Dry Wall Butt Joint Finishing Techniques


Drywall panels feature beveled edges on their long sides and flat edges on their shorter ends. Where the flat ends of two panels meet, there is no beveled seam recession, so the joint compound can form a bump over the seam, marring the flat look of the wall. Careful panel layout and butt finishing techniques reduce the problem.

Panel Size and Placement

  • The fewer butt joints you have to tape, the better. Reduce butt joints by installing the largest drywall panels you can manage safely. Drywall comes in 4-foot widths and lengths of 8, 12 or 16 feet. Where two horizontal panel ends meet on a wall stud, you have a butt joint. By staggering drywall seams, butt joints are less apparent. For instance, if your wall is 14 feet wide and you install one 8-foot panel on the top left side of the wall, you will cut a second panel 6 feet long to cover the rest of the wall. This creates a butt joint 6 feet from the right side of the wall. When you install the lower horizontal row of drywall, put the larger, 8-foot panel, on the right side and the shorter, 6-foot piece on the left side so the butt joints do not line up.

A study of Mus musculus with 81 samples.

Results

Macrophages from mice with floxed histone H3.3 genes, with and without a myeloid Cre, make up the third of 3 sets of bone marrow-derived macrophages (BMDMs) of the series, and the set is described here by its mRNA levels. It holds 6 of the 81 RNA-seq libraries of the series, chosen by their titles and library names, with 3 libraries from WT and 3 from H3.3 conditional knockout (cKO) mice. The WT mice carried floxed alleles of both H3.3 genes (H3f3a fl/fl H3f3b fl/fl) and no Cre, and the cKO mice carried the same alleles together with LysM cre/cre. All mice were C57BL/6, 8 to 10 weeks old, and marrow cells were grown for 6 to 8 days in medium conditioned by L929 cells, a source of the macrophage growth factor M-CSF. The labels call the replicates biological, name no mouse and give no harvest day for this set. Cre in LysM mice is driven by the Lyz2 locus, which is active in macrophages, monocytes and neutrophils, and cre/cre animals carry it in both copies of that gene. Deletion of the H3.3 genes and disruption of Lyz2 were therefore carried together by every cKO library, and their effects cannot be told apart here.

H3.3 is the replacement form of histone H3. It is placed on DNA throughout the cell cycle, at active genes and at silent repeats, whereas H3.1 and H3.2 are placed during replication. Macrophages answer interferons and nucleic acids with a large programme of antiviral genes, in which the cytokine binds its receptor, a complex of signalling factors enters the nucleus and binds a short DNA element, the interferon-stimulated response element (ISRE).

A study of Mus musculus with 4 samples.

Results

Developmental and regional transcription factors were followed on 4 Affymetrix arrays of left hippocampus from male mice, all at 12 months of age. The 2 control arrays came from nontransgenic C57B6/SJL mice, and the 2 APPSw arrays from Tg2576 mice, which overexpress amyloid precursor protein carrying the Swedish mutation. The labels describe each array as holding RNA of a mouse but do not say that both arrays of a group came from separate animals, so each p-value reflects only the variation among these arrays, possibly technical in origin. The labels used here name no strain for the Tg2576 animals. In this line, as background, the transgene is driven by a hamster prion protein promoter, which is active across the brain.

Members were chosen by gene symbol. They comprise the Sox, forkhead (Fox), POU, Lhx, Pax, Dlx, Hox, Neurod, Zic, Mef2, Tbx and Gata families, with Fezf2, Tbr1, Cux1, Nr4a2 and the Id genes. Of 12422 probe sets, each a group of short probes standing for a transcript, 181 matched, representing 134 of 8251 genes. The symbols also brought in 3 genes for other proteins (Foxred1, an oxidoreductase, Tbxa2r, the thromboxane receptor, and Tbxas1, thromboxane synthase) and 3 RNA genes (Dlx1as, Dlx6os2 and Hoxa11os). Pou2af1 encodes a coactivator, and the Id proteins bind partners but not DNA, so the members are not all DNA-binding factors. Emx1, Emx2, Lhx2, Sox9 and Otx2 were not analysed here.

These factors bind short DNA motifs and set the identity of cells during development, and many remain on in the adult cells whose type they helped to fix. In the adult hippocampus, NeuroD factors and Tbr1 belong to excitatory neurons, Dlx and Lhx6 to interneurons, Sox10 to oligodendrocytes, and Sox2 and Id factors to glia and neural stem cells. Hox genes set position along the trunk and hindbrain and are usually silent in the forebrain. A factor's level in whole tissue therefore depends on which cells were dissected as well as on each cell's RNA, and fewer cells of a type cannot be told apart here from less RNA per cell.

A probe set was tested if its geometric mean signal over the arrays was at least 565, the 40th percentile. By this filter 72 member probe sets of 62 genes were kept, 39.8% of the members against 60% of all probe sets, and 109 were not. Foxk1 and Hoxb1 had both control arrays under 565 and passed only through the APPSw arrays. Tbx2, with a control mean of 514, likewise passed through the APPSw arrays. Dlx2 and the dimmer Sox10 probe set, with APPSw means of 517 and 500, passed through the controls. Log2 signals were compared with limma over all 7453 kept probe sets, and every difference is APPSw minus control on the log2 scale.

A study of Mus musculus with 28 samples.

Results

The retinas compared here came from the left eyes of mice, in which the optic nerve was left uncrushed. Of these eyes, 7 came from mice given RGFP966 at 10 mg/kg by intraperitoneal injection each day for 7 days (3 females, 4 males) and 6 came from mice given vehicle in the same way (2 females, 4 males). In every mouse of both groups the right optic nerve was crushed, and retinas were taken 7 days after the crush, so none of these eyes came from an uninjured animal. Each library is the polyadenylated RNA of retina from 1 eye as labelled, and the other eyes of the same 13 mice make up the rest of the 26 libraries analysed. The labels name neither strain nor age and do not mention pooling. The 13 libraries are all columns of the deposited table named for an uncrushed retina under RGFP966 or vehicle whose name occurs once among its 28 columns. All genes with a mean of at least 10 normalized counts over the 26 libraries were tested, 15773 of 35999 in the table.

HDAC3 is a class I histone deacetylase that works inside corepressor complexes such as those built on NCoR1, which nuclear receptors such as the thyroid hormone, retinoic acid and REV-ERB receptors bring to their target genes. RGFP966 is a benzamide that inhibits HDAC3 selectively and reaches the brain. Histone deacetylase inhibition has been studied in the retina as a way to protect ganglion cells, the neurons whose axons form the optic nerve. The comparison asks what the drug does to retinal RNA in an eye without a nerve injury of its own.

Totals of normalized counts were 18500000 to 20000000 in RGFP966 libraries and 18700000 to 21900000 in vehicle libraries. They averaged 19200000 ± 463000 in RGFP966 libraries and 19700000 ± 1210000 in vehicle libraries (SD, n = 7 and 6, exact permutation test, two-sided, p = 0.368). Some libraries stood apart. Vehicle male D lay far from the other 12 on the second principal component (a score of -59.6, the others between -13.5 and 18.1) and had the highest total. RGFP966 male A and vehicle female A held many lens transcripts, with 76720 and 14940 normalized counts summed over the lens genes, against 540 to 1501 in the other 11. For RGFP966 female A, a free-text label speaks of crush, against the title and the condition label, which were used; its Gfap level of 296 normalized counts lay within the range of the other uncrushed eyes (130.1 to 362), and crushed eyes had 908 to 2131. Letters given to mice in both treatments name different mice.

Using Drywall Shims

  • Drywall shims are very thin strips of stiff cardboard, available in bundles from lumberyards and do-it-type centers. In a technique called “floating butt joints,” the builder staples a drywall shim to the wall studs on either side of the stud on which the butt joint will fall. The shims push the drywall panels out imperceptibly on the two adjacent studs, so the butt joint will be slightly recessed in comparison, although it’s difficult to see the difference with the naked eye. When you tape the joint, however, the slight recession will make the butt joint less noticeable.

Tape and Compound Application

  • Pros apply thin paper drywall tape over the seams between drywall panels, while do-it-yourselfers often find it more convenient to apply self-adhesive drywall mesh tape. Mesh tape, however, is thicker than paper tape, so if you’re finishing out a butt joint on a visible section of the wall, use paper tape. Apply a thin coat of compound to the seam, cut and apply the paper tape, and smooth it flat with a trowel to force excess compound out from beneath the tape. Let the seam dry before the next coat of compound.

Finish Taping

  • While the taping process for beveled joints and butt joints is the same, butt joints benefit from the use of wider drywall taping knives. On a beveled joint, a 10-inch knife is sufficient to feather out the wet compound, but opt for a 14- or 16-inch knife to feather the compound out over a wider wall expanse when taping butt joints. Sand butt joints thoroughly between coats and after the final coat dries.